Couple worried at computerOnly days after Judy Moore came home from the hospital after surgery last year, her doctor’s office called with distressing news. Her records showed that instead of original Medicare, Judy had a private Medicare Advantage plan. Her doctor and hospital were not in the plan’s network.

Neither the plan nor Medicare would now cover her medical costs. She owed $16,622.

“I was panicking,” said Judy [who lived in Carlsbad, New Mexico at the time]. After more than five hours of making phone calls, she learned that because she previously had individual coverage through Blue Cross Blue Shield when she became eligible for Medicare, Blue Cross Blue Shield automatically enrolled her into its own Medicare Advantage plan after notifying her in a letter. Judy said she ignored all mail from insurers because she had chosen traditional Medicare.

“I felt like I had insured myself properly with Medicare,” she said. “So I quit paying attention to the mail.”

With Medicare’s specific approval, a health insurance company can enroll a member of its marketplace or other commercial plan into its Medicare Advantage coverage when that individual becomes eligible for Medicare. Called “seamless conversion,” the process requires the insurer to send a letter explaining the new coverage, which takes effect unless the member opts out within 60 days.

Medicare officials have refused to name the companies that have sought or received such approval or even to say how long the Centers for Medicare & Medicaid Services has allowed the practice. Numerous insurers, including Cigna, Anthem and other Blue Cross Blue Shield subsidiaries, also declined to discuss whether they are automatically enrolling beneficiaries when they turn 65.

And other insurers say they are moving ahead.

Aetna will begin the process soon for its marketplace members in 17 Florida counties. The effort will kick off with individuals who qualify for Medicare in November 2016, spokesman Matthew Clyburn said. Beneficiaries turning 65 will receive a 90-day advance notice instead of the required 60 days and a postcard they can mail back to Aetna. Then, the company will follow up by phone to make sure they understand the change.

In November 2016, United Healthcare will begin to automatically enroll members of its Medicaid plans in Tennessee and Arizona into its Medicare Advantage plans.

Humana, the nation’s second largest Medicare Advantage provider, has asked for federal permission to also do auto-enrollment. 

Medicare officials are developing a procedure for reviewing seamless conversion requests as well as a system to monitor implementation. A company given approval must automatically enroll all Medicare-eligible beneficiaries. But because federal law prohibits marketplace insurers from dropping a member who qualifies for Medicare, both marketplace and Medicare Advantage coverage continue until the person cancels the marketplace plan.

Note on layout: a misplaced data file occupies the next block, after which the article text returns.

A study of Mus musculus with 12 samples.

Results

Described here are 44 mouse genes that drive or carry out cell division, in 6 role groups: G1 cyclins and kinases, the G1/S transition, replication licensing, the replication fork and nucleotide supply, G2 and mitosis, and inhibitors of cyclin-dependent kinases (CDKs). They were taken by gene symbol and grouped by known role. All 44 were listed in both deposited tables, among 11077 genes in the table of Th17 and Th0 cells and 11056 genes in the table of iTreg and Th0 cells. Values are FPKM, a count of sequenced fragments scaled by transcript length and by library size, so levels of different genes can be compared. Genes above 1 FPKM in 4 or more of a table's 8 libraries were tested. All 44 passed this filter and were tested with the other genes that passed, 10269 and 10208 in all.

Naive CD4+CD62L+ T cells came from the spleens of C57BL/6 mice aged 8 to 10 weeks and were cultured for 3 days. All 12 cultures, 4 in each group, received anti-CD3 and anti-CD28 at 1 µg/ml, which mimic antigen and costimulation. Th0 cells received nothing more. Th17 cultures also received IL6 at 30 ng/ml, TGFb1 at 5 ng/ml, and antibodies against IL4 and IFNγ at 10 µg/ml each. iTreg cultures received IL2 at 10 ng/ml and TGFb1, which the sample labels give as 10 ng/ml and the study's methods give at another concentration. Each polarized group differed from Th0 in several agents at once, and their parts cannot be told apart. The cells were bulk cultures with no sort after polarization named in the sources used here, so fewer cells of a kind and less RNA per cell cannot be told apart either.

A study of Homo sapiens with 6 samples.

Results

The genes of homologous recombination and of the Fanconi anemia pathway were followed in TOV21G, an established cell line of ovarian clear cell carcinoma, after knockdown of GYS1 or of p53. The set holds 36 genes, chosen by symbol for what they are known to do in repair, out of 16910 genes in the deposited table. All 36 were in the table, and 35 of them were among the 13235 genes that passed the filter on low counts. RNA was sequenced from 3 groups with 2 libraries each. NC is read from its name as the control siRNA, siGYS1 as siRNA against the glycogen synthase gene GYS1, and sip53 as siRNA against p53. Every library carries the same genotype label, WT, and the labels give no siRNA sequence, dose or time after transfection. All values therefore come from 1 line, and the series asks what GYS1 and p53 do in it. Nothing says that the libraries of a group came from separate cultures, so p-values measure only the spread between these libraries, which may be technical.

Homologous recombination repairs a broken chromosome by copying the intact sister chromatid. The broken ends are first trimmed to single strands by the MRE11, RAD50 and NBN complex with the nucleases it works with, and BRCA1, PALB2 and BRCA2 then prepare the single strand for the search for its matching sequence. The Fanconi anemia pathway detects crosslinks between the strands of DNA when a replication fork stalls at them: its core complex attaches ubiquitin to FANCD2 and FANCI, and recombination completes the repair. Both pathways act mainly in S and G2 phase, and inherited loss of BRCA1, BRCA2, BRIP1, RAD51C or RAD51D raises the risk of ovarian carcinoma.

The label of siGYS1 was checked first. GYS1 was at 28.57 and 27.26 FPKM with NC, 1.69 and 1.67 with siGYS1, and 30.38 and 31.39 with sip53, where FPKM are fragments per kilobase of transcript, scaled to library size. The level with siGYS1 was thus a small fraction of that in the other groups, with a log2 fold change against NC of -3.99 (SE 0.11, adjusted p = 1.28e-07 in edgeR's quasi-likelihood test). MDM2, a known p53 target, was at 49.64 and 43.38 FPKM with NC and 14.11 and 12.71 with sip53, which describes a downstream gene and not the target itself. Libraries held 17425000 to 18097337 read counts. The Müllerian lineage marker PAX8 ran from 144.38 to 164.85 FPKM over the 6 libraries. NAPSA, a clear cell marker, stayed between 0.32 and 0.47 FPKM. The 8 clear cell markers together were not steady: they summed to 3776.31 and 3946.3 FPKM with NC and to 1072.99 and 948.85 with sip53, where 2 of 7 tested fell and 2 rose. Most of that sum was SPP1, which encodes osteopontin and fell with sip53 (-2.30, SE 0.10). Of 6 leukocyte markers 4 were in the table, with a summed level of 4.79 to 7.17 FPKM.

Sally Thompsen, who lives outside Chicago and had an individual health policy from Blue Cross Blue Shield last year, was more than surprised when she received her member card for a Medicare Advantage plan shortly before turning 65. Printed on the card was the name of her new primary care physician, someone she did not know.

“I almost hit the ceiling,” said Sally, who had already enrolled in traditional Medicare.

She demanded that Blue Cross cancel her Medicare Advantage enrollment and reported the situation to Erin Weir, health care access manager at the local advocacy group AgeOptions. Erin heard a similar story from another local woman, who had received a letter from her insurer saying a Medicare Advantage plan was “selected for you because it is similar to your current plan and unless you contact us, you will be automatically enrolled.”

After learning about the problem both from constituents and health care advocates, Rep. Jan Schakowsky (D-Ill.) wants stronger consumer protections. “I am exploring the option of requiring an ‘opt-in’ so that Medicare beneficiaries are adequately informed and able to make the choices that work best for them,” said Schakowsky, whose district includes the Chicago area.

The Lovelace Medicare Advantage plan, in which Judy Moore found herself enrolled, is run by Health Care Service Corporation, which administers Blue Cross Blue Shield plans covering 15 million beneficiaries in Illinois, Montana, New Mexico, Oklahoma and Texas. A Health Care Service spokeswoman said it “offers seamless conversion enrollment on a limited basis.” She would not provide details.

Judy Moore finally solved her dilemma with help from a Medicare counselor at New Mexico’s Aging and Disability Resource Center, who contacted David Lipschutz, a senior attorney at the Center for Medicare Advocacy in Washington. He advised the counselor to tell Medicare officials that the retiree was enrolled in Medicare Advantage without her knowledge even though enrollment must be voluntary.

Eventually, officials disenrolled Judy from her unwanted plan, restored her traditional Medicare coverage and agreed to cover her medical bills.

Lipschutz said giving beneficiaries the chance to opt out does not adequately safeguard consumers. An insurer’s notification letter can easily be mistaken or overlooked in the deluge of marketing materials seniors receive when turning 65.

“The right to opt out does not exist if a Medicare beneficiary does not receive a notice or if they do receive a notice but do not understand the contents,” he said.